Geckos Have Holes in Their Heads

The lovable, designed gecko makes the news again this year.1 In 2009, it was discovered the gecko had amazing nocturnal vision.2 Even their sophisticated feet that secrete phospholipids, complex membrane molecules, are a wonder of creation.3
 
The impediment of directional hearing in small animals, such as the gecko, is cleverly solved by the Creator’s design. In larger creatures, the location of noises is resolved by a procedure called triangulation. It’s a method of determining something’s location by measuring angles from known points and using the location of other things via a fixed baseline. In humans, our pinna (outer ear) of each ear is designed to hear in stereo. This allows our brain to triangulate and thus discern where sounds are coming from. However,

Geckos and many other animals have heads that are too small to triangulate the location of noises the way we do, with widely spaced ears. Instead, they have a tiny tunnel through their heads that measures the way incoming sound waves bounce around to figure out which direction they came from.1
 
It has been discovered that these fascinating creatures are designed with one eardrum that,
 
...essentially steals some of the sound wave energy that would otherwise tunnel through to the other. This [interference] helps the gecko—and about 15,000 other animal species with a similar tunnel—understand where a sound is coming from.1
 
The created gecko, and its sophisticated directional hearing on such a small scale, was the subject of a Nature Nanotechnology paper entitled, “Subwavelength angle-sensing photodetectors inspired by directional hearing in small animals.”4 Researchers from the University of Wisconsin-Madison and Stanford University lined up two tiny silicon wires called nanowires (about 1/1000th as wide as a hair) in a manner that mimics the gecko’s eardrums. Through this positioning they were able to “map the angle of incoming light waves”1 in the light-detector experiment they were conducting.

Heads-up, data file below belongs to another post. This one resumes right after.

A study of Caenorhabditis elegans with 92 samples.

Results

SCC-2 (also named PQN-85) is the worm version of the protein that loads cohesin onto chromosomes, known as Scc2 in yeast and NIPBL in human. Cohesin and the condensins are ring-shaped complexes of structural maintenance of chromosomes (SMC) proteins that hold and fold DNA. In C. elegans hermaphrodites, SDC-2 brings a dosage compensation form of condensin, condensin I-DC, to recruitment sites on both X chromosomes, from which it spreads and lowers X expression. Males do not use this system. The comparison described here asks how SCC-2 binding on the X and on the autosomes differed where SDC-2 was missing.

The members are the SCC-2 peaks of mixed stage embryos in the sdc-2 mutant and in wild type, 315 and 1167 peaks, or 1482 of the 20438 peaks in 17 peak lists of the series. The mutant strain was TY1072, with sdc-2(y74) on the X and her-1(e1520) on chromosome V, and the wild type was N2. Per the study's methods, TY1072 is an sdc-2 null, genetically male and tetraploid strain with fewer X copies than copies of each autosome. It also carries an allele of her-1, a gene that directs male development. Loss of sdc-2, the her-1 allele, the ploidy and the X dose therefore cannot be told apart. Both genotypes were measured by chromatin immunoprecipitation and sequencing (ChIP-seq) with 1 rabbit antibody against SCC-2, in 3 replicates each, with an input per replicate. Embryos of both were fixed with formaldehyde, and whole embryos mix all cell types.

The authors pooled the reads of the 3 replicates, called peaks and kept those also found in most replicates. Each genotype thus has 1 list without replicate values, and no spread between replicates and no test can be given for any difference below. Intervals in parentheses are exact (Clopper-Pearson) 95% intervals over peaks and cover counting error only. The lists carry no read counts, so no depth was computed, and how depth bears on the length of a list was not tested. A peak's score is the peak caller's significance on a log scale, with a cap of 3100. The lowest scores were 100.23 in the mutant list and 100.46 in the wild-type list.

A graduate student involved in the research said that geckos were not the inspiration for the original assembly of this light system. They “came upon the likeness between their design and geckos’ ears after the work had already begun.” But there was a significant level of similarity: “The same math that explains both the gecko ears and this photodetector describes an interference phenomenon between closely arranged atoms as well.”1

Clearly God’s minute design features in His living creation have substantiated the direction and quality of this light-detector system. Tweet: Clearly God’s minute design features in His living creation have substantiated the direction and quality of this light-detector system.

Geckos Have Holes in Their Heads: https://www.icr.org/article/geckos-have-holes-in-their-heads/

@ICRscience

#Science #Research

Clearly God’s minute design features in His living creation have substantiated the direction and quality of this light-detector system.  
 
References
1. Tiny light detectors work like gecko ears. ScienceDaily. Posted on sciencedaily.com October 30, 2018, accessed November 15, 2018.
2. Thomas, B. Gecko Eyes Make Great Night Vision Cameras. Creation Science Update. Posted on ICR.org May 29, 2009, accessed November 15, 2018.
3. Thomas, B. Scientists Discover New Clue to Geckos’ Climbing Ability. Creation Science Update. Posted on ICR.org October 17, 2011, accessed November 15, 2018.
4. Yi, S. et al. 2018. Subwavelength angle-sensing photodetectors inspired by directional hearing in small animals. Nature Nanotechnology. 13: 1143-1147. 

*Mr. Sherwin is Research Associate is at ICR. He has a master’s in zoology from the University of Northern Colorado.

Article posted on December 18, 2018.